21 Aug 2014
Patch Instagram photo by elmhurstilpatch
Patch Instagram photo by elmhurstilpatch
Patch Instagram photo by patch
Patch Instagram photo by patch
Patch Instagram photo by patch
Patch Instagram photo by patch
Patch Instagram photo by patch
Patch Instagram photo by patch

Leonid Meteor Shower to Peak Nov. 17

Look to the skies for some stunning light displays this November and December.

Leonid Meteor Shower to Peak Nov. 17

As you hang holiday lights and light the candles, cast your gaze upon the universe's natural fireworks. 

Astronomers anticipate two more meteor showers in November and December. 

Nov. 17: Leonid Meteor Shower

  • After years of heavier-than-average showers, the famous Leonids have returned and are expected to peak on Nov. 17 in the pre-dawn hours. These meteors are fast (about 40 miles per second) and can leave trails of smoke, according to  Astronomy.com. They will appear to radiate from the constellation Leo the Lion. "Many Leonids are also bright. Usually, the meteors are white or bluish-white, but in recent years some observers reported yellow-pink and copper-colored ones," according to the website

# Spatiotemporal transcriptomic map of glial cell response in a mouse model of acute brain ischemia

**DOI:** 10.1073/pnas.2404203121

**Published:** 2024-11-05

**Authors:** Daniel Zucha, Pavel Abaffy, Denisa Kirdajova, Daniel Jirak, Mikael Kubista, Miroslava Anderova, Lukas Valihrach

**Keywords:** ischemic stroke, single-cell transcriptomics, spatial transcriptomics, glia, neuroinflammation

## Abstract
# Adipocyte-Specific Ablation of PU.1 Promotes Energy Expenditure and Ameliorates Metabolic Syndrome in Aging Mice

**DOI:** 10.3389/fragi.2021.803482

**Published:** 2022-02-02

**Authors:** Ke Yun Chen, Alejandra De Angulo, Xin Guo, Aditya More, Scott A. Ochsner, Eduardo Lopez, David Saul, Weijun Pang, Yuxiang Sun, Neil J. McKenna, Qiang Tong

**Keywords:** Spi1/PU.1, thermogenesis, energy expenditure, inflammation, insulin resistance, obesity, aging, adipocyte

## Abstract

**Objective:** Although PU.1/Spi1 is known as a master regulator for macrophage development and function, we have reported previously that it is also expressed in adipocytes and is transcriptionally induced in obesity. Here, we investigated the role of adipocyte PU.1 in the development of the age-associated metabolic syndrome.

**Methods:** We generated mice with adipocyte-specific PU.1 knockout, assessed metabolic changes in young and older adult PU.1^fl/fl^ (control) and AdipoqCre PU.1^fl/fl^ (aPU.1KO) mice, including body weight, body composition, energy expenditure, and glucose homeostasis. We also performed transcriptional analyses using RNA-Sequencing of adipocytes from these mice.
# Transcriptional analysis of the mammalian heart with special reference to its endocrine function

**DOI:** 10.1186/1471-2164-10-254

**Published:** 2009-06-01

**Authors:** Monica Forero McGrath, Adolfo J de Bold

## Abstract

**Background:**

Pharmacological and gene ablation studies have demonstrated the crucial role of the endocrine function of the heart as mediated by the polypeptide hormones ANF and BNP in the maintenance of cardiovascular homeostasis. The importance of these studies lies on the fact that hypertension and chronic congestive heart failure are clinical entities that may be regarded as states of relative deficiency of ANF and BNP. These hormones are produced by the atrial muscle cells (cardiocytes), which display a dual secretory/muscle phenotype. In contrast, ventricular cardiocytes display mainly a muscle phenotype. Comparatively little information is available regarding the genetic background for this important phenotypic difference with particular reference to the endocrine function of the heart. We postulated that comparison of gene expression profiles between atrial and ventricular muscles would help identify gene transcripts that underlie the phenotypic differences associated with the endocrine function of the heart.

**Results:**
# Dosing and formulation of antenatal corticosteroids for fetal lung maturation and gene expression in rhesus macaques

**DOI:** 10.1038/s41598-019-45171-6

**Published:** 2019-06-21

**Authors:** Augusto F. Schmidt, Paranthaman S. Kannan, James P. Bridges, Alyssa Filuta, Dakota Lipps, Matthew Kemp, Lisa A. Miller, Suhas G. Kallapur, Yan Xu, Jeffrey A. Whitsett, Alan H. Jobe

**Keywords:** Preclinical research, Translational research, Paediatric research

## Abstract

Dec. 13: Geminid Meteor Shower

  • The last shooting star cluster before New Year's is the Geminid Meteor Shower, expected to peak in the pre-dawn hours after midnight between Dec. 13 and Dec. 15. They will be visible in all parts of the sky and streak through the sky at more than 50 meteors per hour, almost a meteor a minute, according to  EarthSky.com. The new moon is expected to fall on Dec. 13, making for optimal dark skies—as long as you avoid city lights and clouds, the website states.  

Be sure to schedule a night this season to bundle up, lay out some blankets and enjoy the light show in the sky. 

Share your tips for photographing the showers. Tell us your favorite places to sneak off to view the skies.